One of our Gen. T Tribe members, Shinta Dhanuwardoyo, was an early Internet believer who kept her head up despite many life challenges and shortcomings. Her skills and passion in technology have made her one of the most revered women in the industry. Over a hot cup of tea, we caught up with Shinta and she shared some of the wisdom gained from her experience in the digital arena.
Can you tell us a little bit about your background?
I actually studied architecture in the US, and then, for my master’s, I took international business. Then I fell in love with the Internet in 1995. Before anyone else got the hype, I started to teach myself how to create a website on the Internet. From then onwards, I realised how powerful the Internet could be, and I became a believer in it. I ended up becoming a serial entrepreneur and created tons of Internet companies, but not all of them succeeded. But I didn’t stop there: I just kept on creating.
What can you tell us about your digital agency, Bubu?
Bubu was my first-ever company that I created in 1996. I started bubu as a web design company. It was not easy at that time because nobody used websites, but I was a firm believer in the Internet and it is my passion, which made me move forward with it. Later on, in early 2000, I created lots of Internet companies such as koridor.com (political news) and nasgor.com (entertainment portal), and I even created a few email portals for university students. However, because I was too early in starting these companies, it didn’t work out. There were no angel investors and venture capitalists back then to help me, either. But I still learned a lot from creating all those companies. Then, in early 2008, I started one of the earliest marketplaces in Indonesia called plasa.com, which became belanja.com today.
How did plasa.com begin?
At that time, Telkom asked me to become the CEO of plasa.com and they gave me a challenge on what to do with it. We agreed to make it an e-commerce platform and that’s how it began. I recruited seven people during my tenure, built the portal, and in the end, e-bay came in and bought it.
After I got out from plasa.com, I created one of the earliest venture capital firms in Indonesia in 2010. At that time, people were not familiar with the word “start-ups”, but I saw it as the next big thing. Actually, I see myself as always being too early. In business, you have to be on time or else you can’t make money. But at the end of the day, I do not regret my ventures because I gained a lot of experience. Now, I mostly help start-ups because I am familiar with most of the business models in the industry. So, I consider myself an angel investor now, where I use my own money to help potential start-ups.
What makes Bubu different from all the other digital agencies?
We have things that other digital agencies don’t have. For instance, we have our bi-annual event called Bubu Award and also IDBYTE, which is a technology conference we hold every two years. IDBYTE is where we invite different and prominent figures in the global technology industry to speak. We’ve already had representatives from Facebook, Google, Twitter and YouTube, and we also invited the director of Instagram last year to speak. We also succeeded in getting Sheryl Sandberg to make a special video to address women empowerment in the technology industry. When it comes to Bubu Award, last year was our 10th year. When I begin Bubu Award, it was supposed to be a Web award, but now it has evolved to include a start-up award that is acknowledged in the technology industry.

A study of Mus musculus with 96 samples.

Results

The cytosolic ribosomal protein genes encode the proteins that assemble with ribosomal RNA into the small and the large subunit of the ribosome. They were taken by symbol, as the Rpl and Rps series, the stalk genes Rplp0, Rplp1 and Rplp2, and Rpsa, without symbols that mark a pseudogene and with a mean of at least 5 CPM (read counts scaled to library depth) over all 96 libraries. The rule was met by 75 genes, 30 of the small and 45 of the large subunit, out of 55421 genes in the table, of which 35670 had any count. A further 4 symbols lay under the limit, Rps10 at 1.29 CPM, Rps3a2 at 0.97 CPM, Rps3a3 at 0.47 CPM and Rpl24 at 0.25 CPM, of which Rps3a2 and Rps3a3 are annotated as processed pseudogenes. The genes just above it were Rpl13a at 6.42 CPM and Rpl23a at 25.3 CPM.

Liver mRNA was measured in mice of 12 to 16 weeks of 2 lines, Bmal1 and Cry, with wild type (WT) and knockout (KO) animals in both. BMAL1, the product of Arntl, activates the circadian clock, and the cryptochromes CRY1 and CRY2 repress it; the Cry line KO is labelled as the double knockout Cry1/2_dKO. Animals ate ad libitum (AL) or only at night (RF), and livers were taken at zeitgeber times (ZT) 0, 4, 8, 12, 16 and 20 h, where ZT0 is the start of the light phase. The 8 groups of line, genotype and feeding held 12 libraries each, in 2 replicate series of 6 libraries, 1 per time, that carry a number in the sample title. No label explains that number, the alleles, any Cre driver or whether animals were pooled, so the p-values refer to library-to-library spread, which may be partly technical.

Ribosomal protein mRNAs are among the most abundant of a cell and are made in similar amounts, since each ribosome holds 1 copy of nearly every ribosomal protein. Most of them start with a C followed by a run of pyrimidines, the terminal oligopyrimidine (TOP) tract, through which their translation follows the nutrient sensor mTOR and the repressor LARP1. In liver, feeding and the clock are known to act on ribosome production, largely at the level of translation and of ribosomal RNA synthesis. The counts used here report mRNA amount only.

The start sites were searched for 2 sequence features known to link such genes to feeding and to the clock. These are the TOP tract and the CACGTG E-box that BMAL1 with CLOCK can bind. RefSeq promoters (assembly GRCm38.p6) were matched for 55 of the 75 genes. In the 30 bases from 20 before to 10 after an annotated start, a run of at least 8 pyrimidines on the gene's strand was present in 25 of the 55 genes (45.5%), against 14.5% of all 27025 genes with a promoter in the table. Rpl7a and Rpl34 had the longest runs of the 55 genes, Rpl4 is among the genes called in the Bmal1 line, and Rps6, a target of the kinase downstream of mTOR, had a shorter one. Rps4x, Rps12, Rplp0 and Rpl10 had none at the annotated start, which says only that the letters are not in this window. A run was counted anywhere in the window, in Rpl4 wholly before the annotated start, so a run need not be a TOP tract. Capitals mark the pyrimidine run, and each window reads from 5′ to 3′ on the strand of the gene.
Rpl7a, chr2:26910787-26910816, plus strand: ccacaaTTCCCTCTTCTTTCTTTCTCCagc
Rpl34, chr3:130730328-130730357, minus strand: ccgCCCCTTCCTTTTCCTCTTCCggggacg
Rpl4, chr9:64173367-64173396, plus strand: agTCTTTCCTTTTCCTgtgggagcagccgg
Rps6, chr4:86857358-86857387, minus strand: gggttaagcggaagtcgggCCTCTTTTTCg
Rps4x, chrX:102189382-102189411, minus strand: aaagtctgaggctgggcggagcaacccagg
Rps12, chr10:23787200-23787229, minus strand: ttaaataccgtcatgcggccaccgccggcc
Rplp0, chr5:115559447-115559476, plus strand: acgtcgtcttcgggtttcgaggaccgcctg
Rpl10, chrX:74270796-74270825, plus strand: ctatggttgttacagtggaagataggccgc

What are your future hopes for IDBYTE and Bubu Award?
For IDBYTE, I am hoping that it is going to be way bigger and include more international players. We have also been thinking of doing the conference in another country. For Bubu Award, we would like to reach out to more start-ups in other cities, not just Jakarta. Last year, we went to Medan and perhaps next we will go to Makassar soon.
So, what are the challenges when it comes to IDBYTE and Bubu Award?
When we do events, I guess the biggest challenge is in getting sponsors. But now it is easier because most people are familiar with these events and they know the quality I bring to them. Another kind of challenge is that I would also like to see more players from different industries to become more familiar with these events, not just people from the technology industry because it is actually important to embrace more people from different sectors. However, I must say that I do see increasing interest from people to learn about the digital industry [smiles].
Since you have worked with a lot of young start-up founders, do they share a common problem in your opinion?
I think the problem with start-ups these days is that the founders have this perception that the creation of a start-up is to find investors. But that is not the reason for you to create a start-up. You create a start-up because you want to solve a problem and you are passionate about it. I don’t want them to build a start-up in order to find investors or venture capital. Venture capital can come later when you have created a company that wants to play in the regional arena. I want young start-up founders to create a company because they believe they are solving a certain set of problems, and also one they believe is a good business model that will help them make money too, in order to support their staff.